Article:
Epic Games' Fortnite is rapidly approaching three years old but is it really struggling to stay afloat in the saturated battle royale market? With #RIPFortnite trending on Twitter, we take a look at viewership, prominent player opinions and its biggest rivals.
Fortnite vs Apex Legends vs Warzone vs Valorant
The last few years have seen a swell in the number of battle royale games available to players. While Fortnite revolutionized the market, it followed popular games like PUBG and H1Z1. These games have since fallen by the wayside, making way for Apex Legends and Warzone.
However, what do viewership figures indicate? We know that both Warzone and Apex Legends have surpassed 50 million unique players, but Epic have been slightly more tight-lipped about their numbers of late. The last real update we got was in March 2019, when Epic confirmed that 250 million unique users had played Fortnite.
According to TwitchMetrics, Fortnite's average viewership over the last month - from mid-March to mid-April - was just over 91,000. This puts it as the sixth most popular category on Twitch.
It also puts it considerably ahead of Apex Legends, which came in 17th for the same time period. However, it lost out to CS:GO, League of Legends, Valorant and, perhaps most importantly, Call of Duty: Modern Warfare.
This is arguably the biggest takeaway, given that Warzone (part of Modern Warfare) is a battle royale and so represents the most significant competitor to Fortnite.
When we compare the statistics for Fortnite to Warzone or Valorant, it does indeed fall significantly behind.
Modern Warfare's average viewership on the platform over the same time period is just shy of 140,000, putting it nearly 50,000 ahead of Fortnite. Similarly, Valorant's average viewership is nearly 250,000. This puts it nearly 160,000 average viewers ahead of Fortnite at any given point.
While these stats make for pretty grim reading for Fortnite fans, it's important to remember a few caveats.
Firstly, one of Fortnite's biggest streamers is Ninja and, while he has had some negative feedback for Epic of late, he will be racking up considerable viewership over on Mixer. Secondly, players are granted access to Valorant's beta by watching Twitch streams. Hence, while the game's beta is running, players are uniquely incentivized to watch Riot's new FPS.
It's also key to remember that Valorant and Warzone are far newer than Fortnite, meaning that player interest may fall away soon. This is something Fortnite has overcome previously, with battle royales like Black Ops 4's Blackout.
Are pro players and content creators ditching Fortnite?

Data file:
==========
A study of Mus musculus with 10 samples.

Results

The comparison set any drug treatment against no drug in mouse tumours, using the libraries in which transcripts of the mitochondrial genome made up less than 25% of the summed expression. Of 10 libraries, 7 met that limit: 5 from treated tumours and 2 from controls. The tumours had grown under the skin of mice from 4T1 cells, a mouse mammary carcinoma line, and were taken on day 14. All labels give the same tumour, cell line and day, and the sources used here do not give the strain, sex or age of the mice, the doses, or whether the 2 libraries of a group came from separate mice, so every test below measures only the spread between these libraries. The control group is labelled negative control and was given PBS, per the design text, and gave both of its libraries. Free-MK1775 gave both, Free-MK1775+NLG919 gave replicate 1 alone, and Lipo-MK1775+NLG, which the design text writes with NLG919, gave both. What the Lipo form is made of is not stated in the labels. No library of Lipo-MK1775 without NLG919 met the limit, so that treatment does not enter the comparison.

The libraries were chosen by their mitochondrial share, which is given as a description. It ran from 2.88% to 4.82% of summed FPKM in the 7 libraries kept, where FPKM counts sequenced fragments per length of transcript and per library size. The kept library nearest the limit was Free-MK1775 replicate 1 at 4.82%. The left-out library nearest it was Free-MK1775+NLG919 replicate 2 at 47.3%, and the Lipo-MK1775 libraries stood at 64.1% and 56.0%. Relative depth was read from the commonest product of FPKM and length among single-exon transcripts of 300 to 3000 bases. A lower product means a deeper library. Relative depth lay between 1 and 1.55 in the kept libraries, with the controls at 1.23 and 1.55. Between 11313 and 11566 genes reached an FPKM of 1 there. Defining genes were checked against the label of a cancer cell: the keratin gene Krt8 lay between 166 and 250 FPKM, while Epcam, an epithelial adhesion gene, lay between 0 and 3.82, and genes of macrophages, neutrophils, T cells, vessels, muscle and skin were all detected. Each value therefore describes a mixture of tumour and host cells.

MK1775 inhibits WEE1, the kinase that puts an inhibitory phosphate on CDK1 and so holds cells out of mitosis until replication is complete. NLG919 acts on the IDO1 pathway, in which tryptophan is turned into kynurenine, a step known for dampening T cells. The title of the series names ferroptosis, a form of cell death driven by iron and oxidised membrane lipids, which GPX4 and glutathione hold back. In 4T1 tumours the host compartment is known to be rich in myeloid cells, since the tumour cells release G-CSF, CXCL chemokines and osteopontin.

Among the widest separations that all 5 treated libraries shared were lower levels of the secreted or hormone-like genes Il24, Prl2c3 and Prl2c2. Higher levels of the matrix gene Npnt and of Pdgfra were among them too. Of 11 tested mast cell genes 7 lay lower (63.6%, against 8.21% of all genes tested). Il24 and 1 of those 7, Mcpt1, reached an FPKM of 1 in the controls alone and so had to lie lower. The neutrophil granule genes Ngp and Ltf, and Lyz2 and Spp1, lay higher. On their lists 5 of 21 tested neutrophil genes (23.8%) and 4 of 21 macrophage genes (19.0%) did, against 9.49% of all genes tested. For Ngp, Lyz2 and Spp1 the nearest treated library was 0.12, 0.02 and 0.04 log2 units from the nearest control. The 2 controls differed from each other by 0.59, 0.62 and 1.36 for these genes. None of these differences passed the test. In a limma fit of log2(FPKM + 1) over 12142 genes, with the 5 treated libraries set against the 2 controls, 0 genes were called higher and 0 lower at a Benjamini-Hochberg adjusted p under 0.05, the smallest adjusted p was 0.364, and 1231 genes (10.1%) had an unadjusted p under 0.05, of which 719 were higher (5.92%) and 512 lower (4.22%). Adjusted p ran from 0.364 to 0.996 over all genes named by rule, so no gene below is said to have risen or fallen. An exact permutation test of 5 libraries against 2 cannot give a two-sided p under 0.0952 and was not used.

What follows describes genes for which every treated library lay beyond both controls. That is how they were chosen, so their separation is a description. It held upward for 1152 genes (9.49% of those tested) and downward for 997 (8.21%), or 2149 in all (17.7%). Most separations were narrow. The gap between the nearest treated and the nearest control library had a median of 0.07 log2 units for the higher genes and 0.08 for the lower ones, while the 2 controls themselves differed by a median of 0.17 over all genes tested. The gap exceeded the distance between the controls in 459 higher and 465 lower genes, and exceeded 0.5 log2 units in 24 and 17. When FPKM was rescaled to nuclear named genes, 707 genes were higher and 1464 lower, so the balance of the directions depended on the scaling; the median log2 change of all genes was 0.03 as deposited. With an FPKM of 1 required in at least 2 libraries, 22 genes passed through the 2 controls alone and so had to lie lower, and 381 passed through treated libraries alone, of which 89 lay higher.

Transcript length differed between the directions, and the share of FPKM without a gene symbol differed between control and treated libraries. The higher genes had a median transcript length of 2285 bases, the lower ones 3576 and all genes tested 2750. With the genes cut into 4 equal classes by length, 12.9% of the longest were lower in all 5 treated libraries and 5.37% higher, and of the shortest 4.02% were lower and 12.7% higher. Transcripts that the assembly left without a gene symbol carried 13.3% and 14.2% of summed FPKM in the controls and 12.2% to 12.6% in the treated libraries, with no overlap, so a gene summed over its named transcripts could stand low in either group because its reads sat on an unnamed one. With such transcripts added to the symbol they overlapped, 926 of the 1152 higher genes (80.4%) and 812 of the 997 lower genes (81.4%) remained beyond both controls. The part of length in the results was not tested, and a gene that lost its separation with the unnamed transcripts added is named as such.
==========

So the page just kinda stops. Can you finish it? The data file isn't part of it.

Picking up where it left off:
In short, some are, some aren't. We still see streamers like Ninja and Tfue pulling in vast audiences for Fortnite. However, both garner significant viewership whatever title they play.
On the other hand, we have seen many creators and pros move away from Epic Games' title. Recently, Fortnite World Cup runner-up Psalm announced he would be moving to Valorant.
Similarly, CouRageJD and DrLupo, two of Fortnite's biggest content creators, recently revealed their reasons for moving away from Fortnite. The two have worked closely with Epic in the past, casting some of the game's biggest tournaments, so their reluctance to play it certainly speaks volumes.
Why are people angry at Epic Games?
When looking at why players are frustrated with Epic, it's important to remember that there are still huge numbers of Fortnite players who are happy with the game and the direction it's taken. See explanations on 'silent majority'.
However, it's undeniable that a lot of players are also frustrated with Epic. Among other reasons, the inclusion of skill-based matchmaking in public matches has been controversial. Fans argue that it punishes high-skilled players, and that a game with dedicated 'ranked' modes - like Fortnite's Arena - should not have it in public games.
Furthermore, Epic's decision to cease publishing patch notes remains very unpopular. While originally done to minimize the impact their decisions had on players, it seems many have merely become annoyed at the lack of clarity over changes the game has made.
Finally, Fortnite grew to be known for its regular content drops and patches to keep the game fresh. Many feel this has dried up of late. Chapter 2's first season ran for roughly five months. Given that the game's most significant changes occur when new seasons drop, the lengthy opening to Chapter 2 left many bored and tired of a stagnating game.